Ruben Sanca, the former O'Bryant High and UMass-Lowell runner who grew up in Dorchester, finished last in his heat of the men's 5,000 meters at the Olympics on Wednesday and did not qualify for Saturday's final.
Sanca, competing for Cape Verde, finished in 14 minutes, 35.19 seconds in the second heat. Top qualifer Dejen Gebremeskel of Ethiopia had a time of 13:15.15.
Before the race, Boston.com Olympics intern Amy Gorel interviewed Sanca in London about his experience at the Olympics. Her video report is above, story below.
Former University of Massachusetts Lowell runner Ruben Sanca said that his goal at the London 2012 Olympic Games was to make the final for the 5,000 meter race.
“If that happens, I think, for myself, that would be almost like winning a gold medal,” said Sanca outside the Olympic Village just a few days before his first race.
Sanca, 25, is representing Cape Verde.
“I’m honored to be here for my country and I hope to inspire other people from my country to keep running and try to reach this level,” Sanca said.
Sanca emigrated from Cape Verde at the age of 12 to settle in Boston, where he attended O’Bryant High School and began to take his running career seriously.
“A lot of my older teammates from high school who knew from day one, when I stepped into practice in ninth grade, that I was going to take it serious—I really wanted to do the best that I could for the sport. And I’m happy to be here as a celebration, not just for me, but also for them—my teammates and coaches,” he said.
He later ran at the University of Massachusetts Lowell where he received his MBA and works as business manager for student affairs. He took vacation time to travel to London for the Games.
Sanca, a first time Olympian, made it to London as a wild card selection for Cape Verde.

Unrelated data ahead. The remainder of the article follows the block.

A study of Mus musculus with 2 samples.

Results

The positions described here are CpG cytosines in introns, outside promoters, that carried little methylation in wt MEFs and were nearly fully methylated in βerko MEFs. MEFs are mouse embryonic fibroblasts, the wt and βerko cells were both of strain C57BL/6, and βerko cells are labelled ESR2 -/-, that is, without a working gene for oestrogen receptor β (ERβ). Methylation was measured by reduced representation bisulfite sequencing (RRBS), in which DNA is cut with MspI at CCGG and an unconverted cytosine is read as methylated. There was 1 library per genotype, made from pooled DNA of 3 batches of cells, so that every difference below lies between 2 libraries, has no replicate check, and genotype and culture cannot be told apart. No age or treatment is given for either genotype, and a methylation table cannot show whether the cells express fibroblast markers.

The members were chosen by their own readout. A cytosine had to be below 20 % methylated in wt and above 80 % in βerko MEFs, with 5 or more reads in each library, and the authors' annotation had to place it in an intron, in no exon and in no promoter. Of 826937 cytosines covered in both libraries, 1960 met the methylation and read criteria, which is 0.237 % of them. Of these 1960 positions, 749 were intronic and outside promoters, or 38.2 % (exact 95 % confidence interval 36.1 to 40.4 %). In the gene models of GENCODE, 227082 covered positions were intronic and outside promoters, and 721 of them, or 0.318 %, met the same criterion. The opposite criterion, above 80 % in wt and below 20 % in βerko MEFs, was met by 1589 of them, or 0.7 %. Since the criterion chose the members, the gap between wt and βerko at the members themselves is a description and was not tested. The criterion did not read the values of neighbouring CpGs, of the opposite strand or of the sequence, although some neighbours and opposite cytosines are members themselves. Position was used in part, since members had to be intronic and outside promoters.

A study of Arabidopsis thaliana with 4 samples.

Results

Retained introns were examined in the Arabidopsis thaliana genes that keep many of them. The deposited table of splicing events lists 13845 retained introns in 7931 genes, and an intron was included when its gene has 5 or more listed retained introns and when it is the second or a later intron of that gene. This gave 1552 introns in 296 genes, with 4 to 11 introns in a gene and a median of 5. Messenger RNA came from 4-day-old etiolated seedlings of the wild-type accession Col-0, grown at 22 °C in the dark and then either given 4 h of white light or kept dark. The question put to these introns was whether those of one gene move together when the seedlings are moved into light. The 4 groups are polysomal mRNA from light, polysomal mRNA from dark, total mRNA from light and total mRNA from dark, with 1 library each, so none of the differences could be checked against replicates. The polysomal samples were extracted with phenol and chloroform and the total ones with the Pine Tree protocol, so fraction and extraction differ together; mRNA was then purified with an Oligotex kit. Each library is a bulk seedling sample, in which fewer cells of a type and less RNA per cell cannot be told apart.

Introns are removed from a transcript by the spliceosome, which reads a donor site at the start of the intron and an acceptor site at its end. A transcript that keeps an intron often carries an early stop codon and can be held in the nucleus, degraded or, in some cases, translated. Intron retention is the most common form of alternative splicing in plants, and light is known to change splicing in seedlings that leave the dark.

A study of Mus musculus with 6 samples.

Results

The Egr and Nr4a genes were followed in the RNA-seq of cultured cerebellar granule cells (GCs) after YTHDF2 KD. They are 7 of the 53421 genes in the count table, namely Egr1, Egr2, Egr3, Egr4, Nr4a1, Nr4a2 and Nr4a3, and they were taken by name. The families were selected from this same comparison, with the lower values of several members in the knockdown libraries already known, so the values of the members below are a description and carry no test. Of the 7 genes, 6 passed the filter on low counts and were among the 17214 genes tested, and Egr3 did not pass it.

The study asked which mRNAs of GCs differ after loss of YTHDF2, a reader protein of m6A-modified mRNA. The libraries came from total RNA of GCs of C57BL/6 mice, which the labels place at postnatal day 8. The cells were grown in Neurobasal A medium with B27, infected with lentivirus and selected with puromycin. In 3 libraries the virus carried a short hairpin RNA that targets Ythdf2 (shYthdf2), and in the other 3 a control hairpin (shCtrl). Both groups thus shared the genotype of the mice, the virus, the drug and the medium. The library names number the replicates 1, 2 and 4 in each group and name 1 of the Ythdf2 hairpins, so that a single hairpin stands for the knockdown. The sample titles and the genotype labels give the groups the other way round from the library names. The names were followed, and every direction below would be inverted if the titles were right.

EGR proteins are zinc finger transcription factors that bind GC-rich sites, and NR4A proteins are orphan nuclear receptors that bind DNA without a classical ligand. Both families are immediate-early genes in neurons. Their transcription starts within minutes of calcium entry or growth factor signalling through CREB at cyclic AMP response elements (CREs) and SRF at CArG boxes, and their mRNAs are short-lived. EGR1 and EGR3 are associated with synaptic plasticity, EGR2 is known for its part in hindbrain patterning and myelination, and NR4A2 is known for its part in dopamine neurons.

“This shows that most of my work is paying off. I’m able to go back and say I have to do this because I’m an Olympian,” Sanca said.
Making it to the London Olympics is not something Sanca and his coach, Gary Gardner, envisioned when they began working together six years ago.
“But it’s nice to be here and a blessing for both of us to get to this level,” Gardner said.
Sanca did not expect much recognition when he first arrived in London.
“Especially at games, there are always people trying to get autographs. I’m not a medalist or anything, but people still, because you’re an Olympian, try to get autographs,” Sanca explained smiling.
One of his favorite memories so far was entering the Olympic Stadium for Opening Ceremonies, where he described hundreds of thousands of children along the track asking for autographs and high-fives.
Living in the Olympic Village, surrounded by other athletes with similar stories, has been inspiring, said Sanca.
“The Olympians that are here, some of them have really inspiring stories about how they got here and it’s really cool to hear their stories and say ‘Hey, we’ve been through the same thing’.”
At the same time, those athletes are out in the arenas breaking records and winning medals.
“Then they come back to the dining hall and you’re like ‘Oh, that’s the girl that just broke the world record',” Sanca said.
Sanca said his family and friends were unable to travel to London to see his event. Nevertheless, his family was able to see him walk during the Opening Ceremony and was planning to watch his performance online.
Coach Gardner said e-mails, Twitter and Facebook messages have been pouring in with support and well wishes from both Massachusetts and Cape Verde.
Sanca said being at the Olympics will make him more confident in his training because “I know I’m supposed to be here for my next Olympics."